General George A. Custer 
(1839-1876)
Peter Newark American Pictures Photo by Mathew Brady
Flamboyant in life, George Armstrong Custer has remained one of the best-known figures in American history and popular mythology long after his death at the hands of Lakota and Cheyenne warriors at the Battle of the Little Bighorn.
Countless paintings of “Custer’s Last Stand” were made, including one mass-distributed by the Anheuser-Busch brewing company. All of these paintings — as did the misnomer “the Custer massacre” — depicted Custer as a gallant victim, surrounded by bloodthirsty savages intent upon his annihilation.
Forgotten were the facts that he had started the battle by attacking the Indian village, and that most of Indians present were forced to surrender within a year of their greatest battlefield triumph.
 

General George A. Custer 

(1839-1876)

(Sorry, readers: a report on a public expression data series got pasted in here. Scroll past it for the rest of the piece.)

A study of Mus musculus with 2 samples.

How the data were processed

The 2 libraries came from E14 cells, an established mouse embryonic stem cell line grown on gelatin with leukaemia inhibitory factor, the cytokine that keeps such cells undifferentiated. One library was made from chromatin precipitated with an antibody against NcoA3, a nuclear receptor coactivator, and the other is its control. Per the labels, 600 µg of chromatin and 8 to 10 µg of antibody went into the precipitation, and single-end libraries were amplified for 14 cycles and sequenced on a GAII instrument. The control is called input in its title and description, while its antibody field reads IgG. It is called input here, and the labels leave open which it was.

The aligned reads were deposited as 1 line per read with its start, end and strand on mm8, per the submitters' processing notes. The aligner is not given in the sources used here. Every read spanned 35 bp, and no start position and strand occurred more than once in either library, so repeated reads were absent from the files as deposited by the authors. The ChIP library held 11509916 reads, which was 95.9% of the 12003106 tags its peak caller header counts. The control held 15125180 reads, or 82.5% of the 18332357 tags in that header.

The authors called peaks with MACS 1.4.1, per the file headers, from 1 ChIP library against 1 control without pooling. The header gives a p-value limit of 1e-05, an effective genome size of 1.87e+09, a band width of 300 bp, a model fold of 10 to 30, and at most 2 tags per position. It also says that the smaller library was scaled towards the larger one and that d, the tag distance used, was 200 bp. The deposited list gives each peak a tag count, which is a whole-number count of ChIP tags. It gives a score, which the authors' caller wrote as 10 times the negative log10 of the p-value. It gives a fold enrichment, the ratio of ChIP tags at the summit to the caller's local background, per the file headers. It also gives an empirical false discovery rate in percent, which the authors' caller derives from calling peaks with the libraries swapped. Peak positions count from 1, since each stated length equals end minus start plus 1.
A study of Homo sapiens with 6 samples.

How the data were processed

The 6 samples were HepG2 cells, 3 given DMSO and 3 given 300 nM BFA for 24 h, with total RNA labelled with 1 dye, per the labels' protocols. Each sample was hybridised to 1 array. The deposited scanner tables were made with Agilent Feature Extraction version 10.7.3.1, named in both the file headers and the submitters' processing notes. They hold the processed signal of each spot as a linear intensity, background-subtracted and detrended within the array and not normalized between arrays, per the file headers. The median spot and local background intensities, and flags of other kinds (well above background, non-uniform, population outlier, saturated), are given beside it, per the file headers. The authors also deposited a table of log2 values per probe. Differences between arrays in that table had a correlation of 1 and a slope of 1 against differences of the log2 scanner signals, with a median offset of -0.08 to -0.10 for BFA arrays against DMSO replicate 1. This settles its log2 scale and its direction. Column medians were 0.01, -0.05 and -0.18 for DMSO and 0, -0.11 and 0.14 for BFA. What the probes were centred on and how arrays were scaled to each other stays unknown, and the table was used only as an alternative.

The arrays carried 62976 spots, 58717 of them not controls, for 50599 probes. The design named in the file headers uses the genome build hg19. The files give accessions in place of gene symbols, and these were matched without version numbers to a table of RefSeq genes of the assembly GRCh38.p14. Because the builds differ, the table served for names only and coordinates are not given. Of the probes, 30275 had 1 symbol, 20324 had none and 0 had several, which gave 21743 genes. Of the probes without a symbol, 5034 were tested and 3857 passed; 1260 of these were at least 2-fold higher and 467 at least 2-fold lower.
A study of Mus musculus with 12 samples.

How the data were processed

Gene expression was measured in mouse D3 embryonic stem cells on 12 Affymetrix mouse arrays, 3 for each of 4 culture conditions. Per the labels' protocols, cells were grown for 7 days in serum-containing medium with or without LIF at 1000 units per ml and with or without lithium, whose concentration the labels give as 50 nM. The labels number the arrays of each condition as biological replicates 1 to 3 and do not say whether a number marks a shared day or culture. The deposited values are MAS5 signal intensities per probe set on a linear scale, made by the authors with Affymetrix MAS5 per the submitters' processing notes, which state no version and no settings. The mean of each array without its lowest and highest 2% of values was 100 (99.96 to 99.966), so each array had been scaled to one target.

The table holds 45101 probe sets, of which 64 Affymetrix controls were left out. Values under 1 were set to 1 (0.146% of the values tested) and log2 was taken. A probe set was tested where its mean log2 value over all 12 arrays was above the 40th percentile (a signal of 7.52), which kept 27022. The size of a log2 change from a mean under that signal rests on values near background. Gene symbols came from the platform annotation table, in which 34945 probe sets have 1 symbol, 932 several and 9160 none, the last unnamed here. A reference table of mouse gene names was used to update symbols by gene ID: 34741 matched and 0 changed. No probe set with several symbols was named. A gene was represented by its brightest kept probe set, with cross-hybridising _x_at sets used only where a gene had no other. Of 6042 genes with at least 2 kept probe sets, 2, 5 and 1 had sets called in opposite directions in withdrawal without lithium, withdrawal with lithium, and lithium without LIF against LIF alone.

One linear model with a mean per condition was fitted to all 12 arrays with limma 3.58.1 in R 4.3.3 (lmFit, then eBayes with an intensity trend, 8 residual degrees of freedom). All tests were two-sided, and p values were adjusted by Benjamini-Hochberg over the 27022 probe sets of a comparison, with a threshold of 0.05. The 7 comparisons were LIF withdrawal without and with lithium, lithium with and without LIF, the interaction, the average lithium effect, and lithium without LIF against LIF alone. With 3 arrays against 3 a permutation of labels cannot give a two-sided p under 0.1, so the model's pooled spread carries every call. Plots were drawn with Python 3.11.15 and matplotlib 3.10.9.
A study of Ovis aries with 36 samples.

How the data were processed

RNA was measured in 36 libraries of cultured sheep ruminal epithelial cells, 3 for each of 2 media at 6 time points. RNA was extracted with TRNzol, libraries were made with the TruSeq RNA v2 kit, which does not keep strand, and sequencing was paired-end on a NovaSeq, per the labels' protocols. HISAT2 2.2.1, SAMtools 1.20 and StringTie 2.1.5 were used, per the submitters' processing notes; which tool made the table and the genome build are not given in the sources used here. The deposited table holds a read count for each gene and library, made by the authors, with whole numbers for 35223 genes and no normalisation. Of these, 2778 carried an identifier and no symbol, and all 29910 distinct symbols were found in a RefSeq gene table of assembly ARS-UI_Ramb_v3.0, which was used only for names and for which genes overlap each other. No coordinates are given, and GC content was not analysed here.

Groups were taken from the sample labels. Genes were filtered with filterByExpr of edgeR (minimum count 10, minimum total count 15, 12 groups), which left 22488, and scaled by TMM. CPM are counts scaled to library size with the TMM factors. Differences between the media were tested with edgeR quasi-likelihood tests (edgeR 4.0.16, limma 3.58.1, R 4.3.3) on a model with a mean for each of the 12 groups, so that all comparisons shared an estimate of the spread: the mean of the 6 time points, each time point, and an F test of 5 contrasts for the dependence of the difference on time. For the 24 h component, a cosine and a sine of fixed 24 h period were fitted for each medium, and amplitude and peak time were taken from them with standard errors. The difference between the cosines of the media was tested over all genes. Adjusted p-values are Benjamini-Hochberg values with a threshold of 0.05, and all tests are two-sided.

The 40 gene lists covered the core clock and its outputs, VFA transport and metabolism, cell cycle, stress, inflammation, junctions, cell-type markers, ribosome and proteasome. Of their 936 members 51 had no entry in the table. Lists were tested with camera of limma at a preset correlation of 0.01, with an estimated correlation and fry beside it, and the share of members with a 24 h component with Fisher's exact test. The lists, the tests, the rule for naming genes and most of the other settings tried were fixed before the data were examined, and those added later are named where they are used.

Peter Newark American Pictures Photo by Mathew Brady

Flamboyant in life, George Armstrong Custer has remained one of the best-known figures in American history and popular mythology long after his death at the hands of Lakota and Cheyenne warriors at the Battle of the Little Bighorn.

Countless paintings of “Custer’s Last Stand” were made, including one mass-distributed by the Anheuser-Busch brewing company. All of these paintings — as did the misnomer “the Custer massacre” — depicted Custer as a gallant victim, surrounded by bloodthirsty savages intent upon his annihilation.

Forgotten were the facts that he had started the battle by attacking the Indian village, and that most of Indians present were forced to surrender within a year of their greatest battlefield triumph.